Last weekend I slept way more than usual, yet was still incredibly tired. Like beyond exhausted, eyes-shutting-I-even-took-a-nap tired.
I never take naps!
Yet there I was at 4:30 on Saturday afternoon, sound asleep.
And then the next day, even after going to bed early-ish, I was still exhausted.
I hate feeling tired which is why I make a major effort to get enough sleep each day.
So on Monday when I woke up still in this exhausted fog, I was over it.
I was scheduled to take the class, this intense cardio/bootcamp/yogic workout, and I was dreading it. I had no idea how I was going to drag my tired ass body through 5 minutes of burpees along with all the other butt busting moves.
But I did it. There were puddles of sweat to show for it.
Over the weekend of exhaustion, I did no exercise. Not a thing. So these layers of yuck– heavy energy– piled up inside, putting me in a dark haze that left me feeling run down. It was by working through this heavy energy, with exercise, that I was able to reenergize. It may sound counterintuitive, but by expending energy, we get more energy. Working out is a surefire way to pull yourself out of exhaustion.
Think about it – when we workout, we go deep into our bodies. We shake up the toxicity and all the BS that’s weighing us down. We breathe. We sweat. We cleanse. We make space for fresh energy to emerge.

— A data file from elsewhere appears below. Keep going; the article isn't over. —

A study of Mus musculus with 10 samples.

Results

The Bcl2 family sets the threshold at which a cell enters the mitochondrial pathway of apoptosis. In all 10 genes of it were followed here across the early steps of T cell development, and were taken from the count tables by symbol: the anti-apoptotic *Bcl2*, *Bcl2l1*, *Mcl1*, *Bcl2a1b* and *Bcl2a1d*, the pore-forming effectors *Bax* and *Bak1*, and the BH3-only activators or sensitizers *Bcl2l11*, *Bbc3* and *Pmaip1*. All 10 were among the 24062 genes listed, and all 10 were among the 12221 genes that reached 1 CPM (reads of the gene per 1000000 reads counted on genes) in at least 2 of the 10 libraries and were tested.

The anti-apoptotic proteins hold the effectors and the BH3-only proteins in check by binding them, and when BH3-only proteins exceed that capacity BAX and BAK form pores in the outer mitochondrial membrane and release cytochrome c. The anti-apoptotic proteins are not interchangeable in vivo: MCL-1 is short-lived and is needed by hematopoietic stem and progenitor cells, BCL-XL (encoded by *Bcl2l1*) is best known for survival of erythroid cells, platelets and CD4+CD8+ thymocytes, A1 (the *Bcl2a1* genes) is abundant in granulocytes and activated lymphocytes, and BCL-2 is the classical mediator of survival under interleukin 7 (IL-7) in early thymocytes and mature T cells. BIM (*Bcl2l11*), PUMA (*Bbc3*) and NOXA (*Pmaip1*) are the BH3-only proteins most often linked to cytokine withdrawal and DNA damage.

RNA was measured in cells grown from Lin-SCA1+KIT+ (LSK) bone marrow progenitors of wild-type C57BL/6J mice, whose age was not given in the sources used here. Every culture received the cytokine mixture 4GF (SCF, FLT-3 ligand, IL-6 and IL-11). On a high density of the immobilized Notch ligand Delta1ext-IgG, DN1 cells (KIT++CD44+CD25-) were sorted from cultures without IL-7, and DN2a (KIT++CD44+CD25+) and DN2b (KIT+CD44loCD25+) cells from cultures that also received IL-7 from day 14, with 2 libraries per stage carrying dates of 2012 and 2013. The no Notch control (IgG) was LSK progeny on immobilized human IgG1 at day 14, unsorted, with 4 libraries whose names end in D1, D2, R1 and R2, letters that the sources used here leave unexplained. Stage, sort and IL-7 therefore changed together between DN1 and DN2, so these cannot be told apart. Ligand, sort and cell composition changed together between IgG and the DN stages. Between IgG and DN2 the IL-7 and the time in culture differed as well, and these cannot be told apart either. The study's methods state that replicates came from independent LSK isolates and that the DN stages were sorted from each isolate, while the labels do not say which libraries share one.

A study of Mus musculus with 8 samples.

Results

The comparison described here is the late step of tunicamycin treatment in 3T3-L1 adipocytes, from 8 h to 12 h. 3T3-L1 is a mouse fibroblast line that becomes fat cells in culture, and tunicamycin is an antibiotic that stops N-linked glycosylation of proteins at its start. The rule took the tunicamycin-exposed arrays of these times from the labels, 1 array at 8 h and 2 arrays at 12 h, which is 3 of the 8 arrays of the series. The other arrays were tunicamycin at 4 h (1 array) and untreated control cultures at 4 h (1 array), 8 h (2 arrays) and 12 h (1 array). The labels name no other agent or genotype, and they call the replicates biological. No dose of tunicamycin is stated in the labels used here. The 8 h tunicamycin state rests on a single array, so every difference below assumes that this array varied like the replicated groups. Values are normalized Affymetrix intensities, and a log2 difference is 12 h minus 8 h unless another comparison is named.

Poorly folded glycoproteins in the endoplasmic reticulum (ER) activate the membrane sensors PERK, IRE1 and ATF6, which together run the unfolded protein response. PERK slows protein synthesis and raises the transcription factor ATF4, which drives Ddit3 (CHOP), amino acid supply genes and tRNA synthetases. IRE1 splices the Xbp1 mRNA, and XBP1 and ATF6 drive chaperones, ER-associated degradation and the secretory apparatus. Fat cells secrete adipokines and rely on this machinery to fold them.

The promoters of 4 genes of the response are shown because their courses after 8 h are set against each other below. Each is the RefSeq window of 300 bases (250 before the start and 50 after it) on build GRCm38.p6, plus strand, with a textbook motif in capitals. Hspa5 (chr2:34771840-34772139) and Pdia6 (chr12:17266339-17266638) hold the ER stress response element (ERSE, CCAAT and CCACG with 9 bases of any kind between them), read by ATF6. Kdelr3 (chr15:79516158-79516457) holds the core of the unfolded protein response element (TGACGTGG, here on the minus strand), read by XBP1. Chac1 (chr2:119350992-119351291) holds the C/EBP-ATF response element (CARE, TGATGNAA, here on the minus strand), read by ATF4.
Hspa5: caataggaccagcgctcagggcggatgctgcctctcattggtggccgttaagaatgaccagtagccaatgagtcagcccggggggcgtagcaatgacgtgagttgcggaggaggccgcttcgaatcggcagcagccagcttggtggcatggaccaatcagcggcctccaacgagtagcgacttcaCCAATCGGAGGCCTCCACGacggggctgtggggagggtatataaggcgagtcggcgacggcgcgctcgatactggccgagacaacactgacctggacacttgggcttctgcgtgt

It’s not an easy exhaustion fix that I write about. Working through the yuck takes a tremendous amount of effort. And motivation. Easy would’ve been to blow off my Monday morning exercise, and grabbed a coffee instead. Sure, that would’ve perked me up for a minute, but ultimately I’d be back in the yuck.
I’ve heard accupuncture helps exhaustion, and I’m totally open to trying that, but it’s certainly not accessible the way a workout is.
When we make exercise a part of our lives, we’re constantly recalibrating, resetting our energy from a clean slate. We’re enlivening our oxygen for new life. So the next time you’re beyond exhausted, try getting to your workout. I promise it’ll raise your energy. And if not, it’ll at least leave you better than you were before.